The social and ethnic fabric of British society

The social and ethnic fabric of British society changed forever as the
result of the Second World War. After the world war, there was a
pressing need to start the economy by increasing export (Booth 1989) the
country desperately needed additional labour to supplement its own
workforce if production target needed to be met which pioneer
commonwealth citizens answered initially from West Indies and later from
Africa, India and Pakistan. However much of life in Britain during that
time faced a post-war housing shortage in London and other large cities
where many of the newcomers chose to live and work. The British public
viewed their arrival to be unwelcome, as the result black and Asian
immigrants found suitable jobs hard to come by and faced difficulties in
the search for housing. This was due to the prejudicial mindset of many
indigenous populations, people from all social classes who regarded
dark skin tone as a sign of inferiority. (in 1997 the killers were
recorded talking hatred toward black people and ethnic minority)Introduction In
this country at least, racial discrimination is not a field in which
the government action can make much difference (Whitfield 2006). The
death of Stephen Lawrence in 1993 on an unprovoked racist attack, the
metropolitan was branded as institutionally racist showing the
subsequent failure of the police investigation which shocked the British
society and subsequently changed the British criminal system. During
this assignment I will be discussing to what extent has the relationship
between people of colour and the police has improved since the
Macpherson report, if it has improved at all; using statistic and
reports I will analyse the data collected from the home office of stop
and search, death while in custody since the Stephen Lawrence case to
see if there are any changes in how police uses their power, are there
racially targeting individuals, has the police changed fundamentally. Policing
in England and Wales has been regularly surrounded in recent decades by
the accusation of discriminatory treatment and practice in relation to
local minority ethnic communities. The most significant of these in
recent time was the events surrounding the investigation of the murder
of Stephen Lawrence in London, Eltham in 1993. Stephen Lawrence was not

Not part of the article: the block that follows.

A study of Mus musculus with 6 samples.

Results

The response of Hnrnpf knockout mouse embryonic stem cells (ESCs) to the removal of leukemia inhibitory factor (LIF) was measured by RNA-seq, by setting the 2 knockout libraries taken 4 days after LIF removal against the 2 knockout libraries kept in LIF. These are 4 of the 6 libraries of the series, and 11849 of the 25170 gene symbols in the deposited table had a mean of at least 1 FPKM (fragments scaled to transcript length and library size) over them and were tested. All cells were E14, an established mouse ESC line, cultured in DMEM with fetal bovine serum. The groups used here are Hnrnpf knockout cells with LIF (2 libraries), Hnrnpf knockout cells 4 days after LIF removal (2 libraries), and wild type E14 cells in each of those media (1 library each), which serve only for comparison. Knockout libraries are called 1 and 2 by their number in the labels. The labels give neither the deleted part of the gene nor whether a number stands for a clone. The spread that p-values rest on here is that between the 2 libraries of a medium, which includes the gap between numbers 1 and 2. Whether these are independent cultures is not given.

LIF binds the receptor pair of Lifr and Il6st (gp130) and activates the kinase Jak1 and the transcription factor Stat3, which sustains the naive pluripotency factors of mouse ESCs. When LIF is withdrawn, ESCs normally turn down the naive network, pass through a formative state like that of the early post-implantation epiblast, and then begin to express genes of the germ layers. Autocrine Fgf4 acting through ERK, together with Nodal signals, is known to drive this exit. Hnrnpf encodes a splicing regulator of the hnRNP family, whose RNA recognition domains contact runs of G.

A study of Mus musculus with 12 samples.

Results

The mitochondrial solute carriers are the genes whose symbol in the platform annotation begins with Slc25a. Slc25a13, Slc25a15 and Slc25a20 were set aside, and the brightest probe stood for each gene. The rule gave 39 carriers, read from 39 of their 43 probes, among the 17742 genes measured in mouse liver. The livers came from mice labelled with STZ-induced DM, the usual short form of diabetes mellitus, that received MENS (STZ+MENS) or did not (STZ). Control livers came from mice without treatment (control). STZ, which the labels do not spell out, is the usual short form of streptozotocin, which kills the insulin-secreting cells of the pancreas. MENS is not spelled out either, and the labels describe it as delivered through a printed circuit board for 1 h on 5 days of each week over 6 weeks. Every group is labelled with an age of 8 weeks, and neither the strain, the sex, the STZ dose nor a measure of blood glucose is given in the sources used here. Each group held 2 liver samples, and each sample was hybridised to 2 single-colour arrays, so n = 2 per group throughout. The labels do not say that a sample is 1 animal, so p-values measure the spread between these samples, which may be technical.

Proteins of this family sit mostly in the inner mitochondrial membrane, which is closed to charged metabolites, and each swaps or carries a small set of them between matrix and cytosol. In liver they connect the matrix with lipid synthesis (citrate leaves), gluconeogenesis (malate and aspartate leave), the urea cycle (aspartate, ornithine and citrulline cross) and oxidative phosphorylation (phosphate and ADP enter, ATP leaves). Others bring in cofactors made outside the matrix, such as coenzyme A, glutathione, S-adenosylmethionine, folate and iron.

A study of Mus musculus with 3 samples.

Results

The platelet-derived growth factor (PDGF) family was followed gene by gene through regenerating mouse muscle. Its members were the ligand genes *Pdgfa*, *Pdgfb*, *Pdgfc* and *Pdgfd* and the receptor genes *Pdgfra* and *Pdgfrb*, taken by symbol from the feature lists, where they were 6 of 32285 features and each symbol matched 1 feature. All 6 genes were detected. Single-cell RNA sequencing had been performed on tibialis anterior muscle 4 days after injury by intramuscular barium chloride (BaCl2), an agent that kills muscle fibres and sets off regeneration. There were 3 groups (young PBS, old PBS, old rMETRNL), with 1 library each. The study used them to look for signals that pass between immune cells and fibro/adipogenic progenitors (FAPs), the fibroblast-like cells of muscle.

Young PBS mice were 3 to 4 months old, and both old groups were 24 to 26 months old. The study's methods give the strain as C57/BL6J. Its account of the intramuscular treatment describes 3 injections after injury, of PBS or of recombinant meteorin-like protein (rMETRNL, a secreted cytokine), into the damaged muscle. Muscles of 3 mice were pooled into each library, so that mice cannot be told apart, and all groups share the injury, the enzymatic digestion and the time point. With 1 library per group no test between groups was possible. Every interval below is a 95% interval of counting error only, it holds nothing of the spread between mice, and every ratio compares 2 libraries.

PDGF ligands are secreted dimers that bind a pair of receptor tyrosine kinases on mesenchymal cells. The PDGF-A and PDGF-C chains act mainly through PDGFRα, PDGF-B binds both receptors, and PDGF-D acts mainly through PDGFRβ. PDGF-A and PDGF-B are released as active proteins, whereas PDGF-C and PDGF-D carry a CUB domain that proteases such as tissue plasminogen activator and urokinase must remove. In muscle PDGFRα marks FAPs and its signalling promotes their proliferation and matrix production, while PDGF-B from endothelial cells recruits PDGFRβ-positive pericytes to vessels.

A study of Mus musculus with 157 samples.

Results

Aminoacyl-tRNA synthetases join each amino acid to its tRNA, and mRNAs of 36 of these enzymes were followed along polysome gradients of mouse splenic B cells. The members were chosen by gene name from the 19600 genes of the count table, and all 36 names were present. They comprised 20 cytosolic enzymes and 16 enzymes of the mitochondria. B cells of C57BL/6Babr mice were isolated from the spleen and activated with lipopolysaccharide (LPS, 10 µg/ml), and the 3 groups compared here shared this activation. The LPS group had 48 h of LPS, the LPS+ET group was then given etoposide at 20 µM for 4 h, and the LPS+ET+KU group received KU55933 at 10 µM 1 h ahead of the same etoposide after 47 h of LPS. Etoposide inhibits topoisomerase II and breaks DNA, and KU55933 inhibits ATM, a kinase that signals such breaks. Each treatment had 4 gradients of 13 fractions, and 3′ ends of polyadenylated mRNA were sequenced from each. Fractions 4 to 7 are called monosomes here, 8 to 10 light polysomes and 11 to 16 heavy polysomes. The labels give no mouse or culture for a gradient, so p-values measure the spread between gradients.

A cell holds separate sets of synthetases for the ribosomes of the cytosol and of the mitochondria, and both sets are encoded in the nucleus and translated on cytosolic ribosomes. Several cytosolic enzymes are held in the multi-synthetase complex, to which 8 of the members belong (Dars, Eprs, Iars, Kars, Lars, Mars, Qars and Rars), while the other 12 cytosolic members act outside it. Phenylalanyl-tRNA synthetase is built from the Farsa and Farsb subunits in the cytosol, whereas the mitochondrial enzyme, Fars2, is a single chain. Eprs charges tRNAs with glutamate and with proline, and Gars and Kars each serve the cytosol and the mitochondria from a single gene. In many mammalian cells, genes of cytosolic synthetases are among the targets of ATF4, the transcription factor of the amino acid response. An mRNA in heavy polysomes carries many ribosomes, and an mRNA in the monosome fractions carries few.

the first black teenage victim he also was not the last, however, his
case was a racist killing and sparked a monumental change in British
society. His death catapulted the metropolitan failings into the
headlines following a flawed early investigation ( Macpherson 1999) the
case attained increasing political momentum (Rock 2004), becoming both
symbolic of the problem of racist violence in Britain and the inadequacy
of policies to address it, and the focus of concerns about problematic
police-community relation more broadly (Bowling 1999; Downes and Morgan
2002) providing the British society a moment of reflection and the
ability to discuss the existent of racism and discrimination in society
but also institutions, 23 years on even though Britain is a less racist
country than it was 23 years ago, we still have a long way to go because
there are still police officers who are institutionally racist. In 23
years despite the Macpherson, there is a constant debate between ethnic
minorities and the police in the policy of stop and search which many
British teenagers still fight the injustice of being stopped simply
because of the colour of their skin. When combining the home office data
of the metropolitan statistic it shows that the metropolitan police is
intuitionally racist when comparing the stop and search that resulting
in arrest from England and wales compare to the metropolitan for 2009/10
the statistic show lower proportions of White arrestees in the
Metropolitan Police force (49% of all arrests) compared with England and
Wales (80%) while the picture is reversed for other ethnic groups. The
proportion of Black and Black British arrestees in the Metropolitan
Police area (27% of all arrestees) is higher than in England and Wales
(8%). Similarly, the proportion of Asian and Asian British arrestees in
the Metropolitan Police (11%) exceeds that of England and Wales (6%).
Comparing this to the current statistic of 2015/16, there were 5 stop
and searches for every 1,000 White people in England and Wales, while
there was 31 stop and searches for every 1,000 Black people. in 2015/16,
the biggest difference in rates of stop and search between Black and
White people was in Dorset, where Black people were 19 times more likely
to be stopped and searched than White people. The next biggest
difference was found in Sussex, where Black people were 10 times more
likely to be stopped and searched than White people, Durham was the only
area where White people were more likely to be stopped and searched
compared to Black people they were 1.2 times more likely. 2 years on
(The Guardian 2017) states that stop, and search is eight times more
likely to target black people even though official figures show that the
use of stop and search has fallen by 21% in 2017 to just 304,000 which
is the lowest number since 2002. But stops of white people dropped by
28%, while for minority ethnic people the fall was just 11% indicating
that ethnic people have still search more often than white people.